Ralph Waldo Emerson (1817-1862) American Philosopher, Unitarian, social critic, transcendentalist and writer was fascinate by the concept of Brahman:
"All science is transcendental or else passes away. Botany is now acquiring the right theory - the avatars of Brahman will presently be the text-books of natural history."
The basic oneness of the universe which was a part of the mystical experience of the Indian sages is one of the most important revelations of modern physics. Eminent scientists like John Wheeler point out that in modern science the distinction between observer and observed breaks down completely and instead of the "observer" we have to "put in its place the new word "participator". In some strange sense the universe is a participatory universe."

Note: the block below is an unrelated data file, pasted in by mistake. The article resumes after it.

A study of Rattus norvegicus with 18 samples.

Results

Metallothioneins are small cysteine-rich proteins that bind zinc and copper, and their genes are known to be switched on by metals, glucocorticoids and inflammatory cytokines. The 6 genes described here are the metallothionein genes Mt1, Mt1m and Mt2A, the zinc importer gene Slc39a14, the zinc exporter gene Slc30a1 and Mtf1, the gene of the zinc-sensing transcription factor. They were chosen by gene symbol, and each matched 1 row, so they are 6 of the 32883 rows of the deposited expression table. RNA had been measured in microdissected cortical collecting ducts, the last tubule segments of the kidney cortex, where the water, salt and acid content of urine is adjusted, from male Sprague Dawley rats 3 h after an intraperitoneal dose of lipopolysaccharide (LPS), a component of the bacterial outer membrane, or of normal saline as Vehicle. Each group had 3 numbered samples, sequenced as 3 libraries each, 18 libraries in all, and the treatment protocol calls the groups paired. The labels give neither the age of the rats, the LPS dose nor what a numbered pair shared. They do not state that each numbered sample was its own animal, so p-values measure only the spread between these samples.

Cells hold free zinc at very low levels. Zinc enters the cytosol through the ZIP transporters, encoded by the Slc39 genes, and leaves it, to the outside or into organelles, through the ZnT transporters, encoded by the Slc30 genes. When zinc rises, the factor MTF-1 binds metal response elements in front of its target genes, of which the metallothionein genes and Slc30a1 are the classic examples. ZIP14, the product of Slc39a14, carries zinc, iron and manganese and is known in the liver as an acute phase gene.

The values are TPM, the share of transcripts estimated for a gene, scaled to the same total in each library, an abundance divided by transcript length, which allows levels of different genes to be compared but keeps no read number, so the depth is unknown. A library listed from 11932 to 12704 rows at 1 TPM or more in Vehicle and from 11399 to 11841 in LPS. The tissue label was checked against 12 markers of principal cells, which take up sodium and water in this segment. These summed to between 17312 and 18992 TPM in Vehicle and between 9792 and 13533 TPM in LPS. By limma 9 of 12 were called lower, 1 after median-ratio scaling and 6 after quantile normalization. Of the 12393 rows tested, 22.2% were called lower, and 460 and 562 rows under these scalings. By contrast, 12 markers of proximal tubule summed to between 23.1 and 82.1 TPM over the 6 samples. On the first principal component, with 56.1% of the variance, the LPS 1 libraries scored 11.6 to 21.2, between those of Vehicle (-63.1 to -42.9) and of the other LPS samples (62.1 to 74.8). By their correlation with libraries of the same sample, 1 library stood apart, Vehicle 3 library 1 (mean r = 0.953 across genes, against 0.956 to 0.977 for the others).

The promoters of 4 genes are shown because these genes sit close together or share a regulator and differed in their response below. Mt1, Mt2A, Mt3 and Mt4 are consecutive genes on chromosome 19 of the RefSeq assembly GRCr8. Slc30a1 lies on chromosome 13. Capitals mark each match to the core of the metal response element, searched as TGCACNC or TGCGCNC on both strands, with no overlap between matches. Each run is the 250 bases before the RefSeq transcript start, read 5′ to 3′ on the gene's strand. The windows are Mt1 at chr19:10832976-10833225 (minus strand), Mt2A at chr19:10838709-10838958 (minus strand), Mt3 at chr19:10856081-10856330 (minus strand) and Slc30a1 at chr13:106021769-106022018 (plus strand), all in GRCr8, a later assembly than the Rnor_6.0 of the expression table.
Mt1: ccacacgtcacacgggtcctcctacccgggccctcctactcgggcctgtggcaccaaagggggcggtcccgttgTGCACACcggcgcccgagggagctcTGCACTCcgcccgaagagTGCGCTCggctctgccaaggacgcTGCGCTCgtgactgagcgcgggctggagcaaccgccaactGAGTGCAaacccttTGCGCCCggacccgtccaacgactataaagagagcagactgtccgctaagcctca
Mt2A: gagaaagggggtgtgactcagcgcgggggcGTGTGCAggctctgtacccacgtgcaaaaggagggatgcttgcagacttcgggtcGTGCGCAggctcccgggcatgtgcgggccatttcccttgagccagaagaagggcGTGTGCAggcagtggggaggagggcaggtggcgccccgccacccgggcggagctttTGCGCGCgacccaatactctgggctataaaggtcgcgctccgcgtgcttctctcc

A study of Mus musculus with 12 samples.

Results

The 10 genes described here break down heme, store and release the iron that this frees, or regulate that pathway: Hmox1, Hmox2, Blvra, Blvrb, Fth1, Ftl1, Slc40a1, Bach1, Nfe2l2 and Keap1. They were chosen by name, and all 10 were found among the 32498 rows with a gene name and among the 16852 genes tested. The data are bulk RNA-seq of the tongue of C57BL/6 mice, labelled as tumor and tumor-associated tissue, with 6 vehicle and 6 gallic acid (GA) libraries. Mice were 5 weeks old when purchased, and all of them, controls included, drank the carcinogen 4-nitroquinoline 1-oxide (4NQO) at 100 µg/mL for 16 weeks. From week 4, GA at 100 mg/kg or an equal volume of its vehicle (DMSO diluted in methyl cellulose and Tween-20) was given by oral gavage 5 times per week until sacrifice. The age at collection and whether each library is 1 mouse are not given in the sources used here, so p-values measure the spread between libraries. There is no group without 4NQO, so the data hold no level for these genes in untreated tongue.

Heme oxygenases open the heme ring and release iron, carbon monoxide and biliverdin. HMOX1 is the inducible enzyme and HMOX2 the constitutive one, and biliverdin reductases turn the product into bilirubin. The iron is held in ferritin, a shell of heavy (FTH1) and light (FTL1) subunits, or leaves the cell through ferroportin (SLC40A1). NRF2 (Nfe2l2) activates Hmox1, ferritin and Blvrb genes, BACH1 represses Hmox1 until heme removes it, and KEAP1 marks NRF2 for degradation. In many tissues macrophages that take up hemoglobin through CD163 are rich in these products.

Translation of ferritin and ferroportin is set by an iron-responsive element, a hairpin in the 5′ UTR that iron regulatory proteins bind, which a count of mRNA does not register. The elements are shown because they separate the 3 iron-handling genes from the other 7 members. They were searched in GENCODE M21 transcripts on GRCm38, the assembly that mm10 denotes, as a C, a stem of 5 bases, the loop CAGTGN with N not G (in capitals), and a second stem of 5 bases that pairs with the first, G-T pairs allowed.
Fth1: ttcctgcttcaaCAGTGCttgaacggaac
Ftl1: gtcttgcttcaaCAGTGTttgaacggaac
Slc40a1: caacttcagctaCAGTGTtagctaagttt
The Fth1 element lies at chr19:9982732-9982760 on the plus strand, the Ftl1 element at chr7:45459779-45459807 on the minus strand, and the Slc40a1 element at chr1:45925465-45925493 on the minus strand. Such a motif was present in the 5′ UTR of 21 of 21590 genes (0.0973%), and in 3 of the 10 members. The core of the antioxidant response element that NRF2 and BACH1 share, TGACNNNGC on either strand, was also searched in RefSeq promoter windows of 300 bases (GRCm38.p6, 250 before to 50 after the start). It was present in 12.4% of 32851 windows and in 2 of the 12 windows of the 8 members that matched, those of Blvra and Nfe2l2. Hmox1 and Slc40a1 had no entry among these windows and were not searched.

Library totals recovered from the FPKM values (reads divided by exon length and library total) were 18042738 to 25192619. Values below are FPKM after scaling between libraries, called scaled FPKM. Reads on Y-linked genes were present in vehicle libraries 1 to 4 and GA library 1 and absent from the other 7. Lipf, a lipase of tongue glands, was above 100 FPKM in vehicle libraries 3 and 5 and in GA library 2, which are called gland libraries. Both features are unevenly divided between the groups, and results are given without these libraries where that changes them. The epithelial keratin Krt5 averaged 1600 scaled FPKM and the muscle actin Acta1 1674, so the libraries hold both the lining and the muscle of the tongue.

The Upanishads had taught the same lesson of the subject and the object fusing into a unified un-differentiated whole:
"Where there is duality, as it were, there one sees another; there one smells another; there one taste another...But where everything has become just one's own self, then whereby and whom would one see? then whereby and whom would one smell? then whereby and whom would one taste ?"
The intuition of Indian mystics led them to understand the multidimensional reality and of space-time continuum which is the basis of the modern theory of relativity.
Vedanta taught the technique of self-development. The ultimate destiny of man is to discover within himself the true Self as the changless behind the changing, the eternal behind the ephemeral, and the infinite behind the finite. Greater wisdom was never compressed into three words than by the Chandogya Upanishad which proclaimed the true Self of man as part of the Infinite Spirit - tat twam asi: "That Thou Art".